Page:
September 30, 2009
(Reston, VA- September 30, 2009)- Reston Hospital Center and HCA Virginia are serious about protecting the community, including our patients and employees, from the flu. This year, in order to combat what may be one of the worst flu seasons in recent history, the hospital has taken additional steps to prevent the further spread of pandemic H1N1 and seasonal flu.
"Our goal is not only to protect our patients from contracting the flu, but also to keep our employees and the community healthy," stated Bill Adams, President and CEO of Reston Hospital Center. He continued, "The extra steps that we are taking this year are supported by HCA, the CDC, and other major healthcare providers nationally and regionally."
Limiting visitors to the hospital's inpatient units, beginning October 5, is one measure the hospital has taken to prevent further spread of flu. The following restrictions will be in place throughout the hospital this flu season:
- In all inpatient units visitors under the age of 18 are not allowed, and adult visitors are limited to two people at a time.
- Visitors with any symptoms of influenza-like illness are not allowed.
- Visitors may be issued masks or other protective clothing when visiting.
- On the Maternity Unit visitors are limited to the spouse/significant other of the mother, and the grandparents of the newborn.
- All maternity tours will be canceled through the duration of flu season.
- If the influenza pandemic warrants further limitations, visiting hours may be restricted at the discretion of the hospital.
As an additional protection to our patients and employees, Reston Hospital Center and HCA have asked that each of our employees be vaccinated against the flu this season. Not every single person can be vaccinated; some employees have religious beliefs or medical issues that keep them from receiving the vaccine, these employees will be wearing masks for their own and our patients' protection.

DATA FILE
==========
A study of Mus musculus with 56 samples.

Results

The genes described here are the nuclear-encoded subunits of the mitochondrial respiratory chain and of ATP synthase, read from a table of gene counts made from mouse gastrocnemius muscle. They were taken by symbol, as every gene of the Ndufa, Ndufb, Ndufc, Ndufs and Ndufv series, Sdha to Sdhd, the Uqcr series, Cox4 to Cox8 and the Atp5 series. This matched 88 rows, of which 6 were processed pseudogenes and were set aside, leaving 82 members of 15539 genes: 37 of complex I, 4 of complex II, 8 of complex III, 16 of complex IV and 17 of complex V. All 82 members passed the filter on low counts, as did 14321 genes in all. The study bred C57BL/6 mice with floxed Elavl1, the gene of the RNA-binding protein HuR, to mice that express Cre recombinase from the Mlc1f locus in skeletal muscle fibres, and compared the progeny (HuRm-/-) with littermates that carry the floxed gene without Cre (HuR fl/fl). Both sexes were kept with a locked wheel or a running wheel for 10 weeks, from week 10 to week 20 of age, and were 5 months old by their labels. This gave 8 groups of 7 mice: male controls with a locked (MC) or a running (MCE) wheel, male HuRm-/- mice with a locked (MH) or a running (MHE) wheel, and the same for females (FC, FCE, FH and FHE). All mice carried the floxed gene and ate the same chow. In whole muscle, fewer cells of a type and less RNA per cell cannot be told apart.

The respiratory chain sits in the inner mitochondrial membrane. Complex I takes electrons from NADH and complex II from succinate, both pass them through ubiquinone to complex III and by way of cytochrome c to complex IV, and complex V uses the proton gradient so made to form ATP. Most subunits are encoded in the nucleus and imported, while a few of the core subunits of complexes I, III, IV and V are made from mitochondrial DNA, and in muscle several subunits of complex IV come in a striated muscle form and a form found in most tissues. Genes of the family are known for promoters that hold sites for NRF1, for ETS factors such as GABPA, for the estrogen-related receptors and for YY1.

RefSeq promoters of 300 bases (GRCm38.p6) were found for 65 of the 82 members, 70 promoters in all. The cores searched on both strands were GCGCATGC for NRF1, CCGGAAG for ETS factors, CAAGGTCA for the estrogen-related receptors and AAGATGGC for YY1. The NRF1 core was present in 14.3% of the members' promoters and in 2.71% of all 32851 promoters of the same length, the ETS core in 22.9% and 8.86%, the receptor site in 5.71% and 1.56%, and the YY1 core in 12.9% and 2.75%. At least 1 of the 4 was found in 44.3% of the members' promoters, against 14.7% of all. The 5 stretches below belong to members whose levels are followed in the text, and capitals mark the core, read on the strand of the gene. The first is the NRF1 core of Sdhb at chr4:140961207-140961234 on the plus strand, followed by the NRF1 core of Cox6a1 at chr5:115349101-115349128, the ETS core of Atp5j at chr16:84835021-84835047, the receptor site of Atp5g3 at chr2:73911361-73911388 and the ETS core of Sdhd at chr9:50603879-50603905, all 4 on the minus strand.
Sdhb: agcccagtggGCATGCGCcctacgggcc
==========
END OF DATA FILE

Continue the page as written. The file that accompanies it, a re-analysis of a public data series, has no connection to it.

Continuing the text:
Each year in the United States more than 200,000 people are hospitalized from flu complications and 36,000 people die from the flu. This year the H1N1 flu may cause a more dangerous flu season, with many more people getting sick and hospitalized and higher mortality rates. Flu symptoms include fever, coughing, sore throat, runny/stuffy nose, headaches, body aches, chills, and fatigue, with the additional symptoms of vomiting and diarrhea associated with the H1N1 flu. If you think you may have the flu, see your physician, who may be able to prescribe antiviral medication. It's important to go to the emergency room if you have the flu and experience difficulty breathing or shortness of breath, pain/pressure in the chest, sudden dizziness or confusion, or severe vomiting. The best forms of protection against the flu are vaccination and taking simple steps to stop germs, such as consistent hand washing.
To view the entire policy on visitation limitations, go to restonhospital.com. To learn more about the flu, go to www.flu.gov.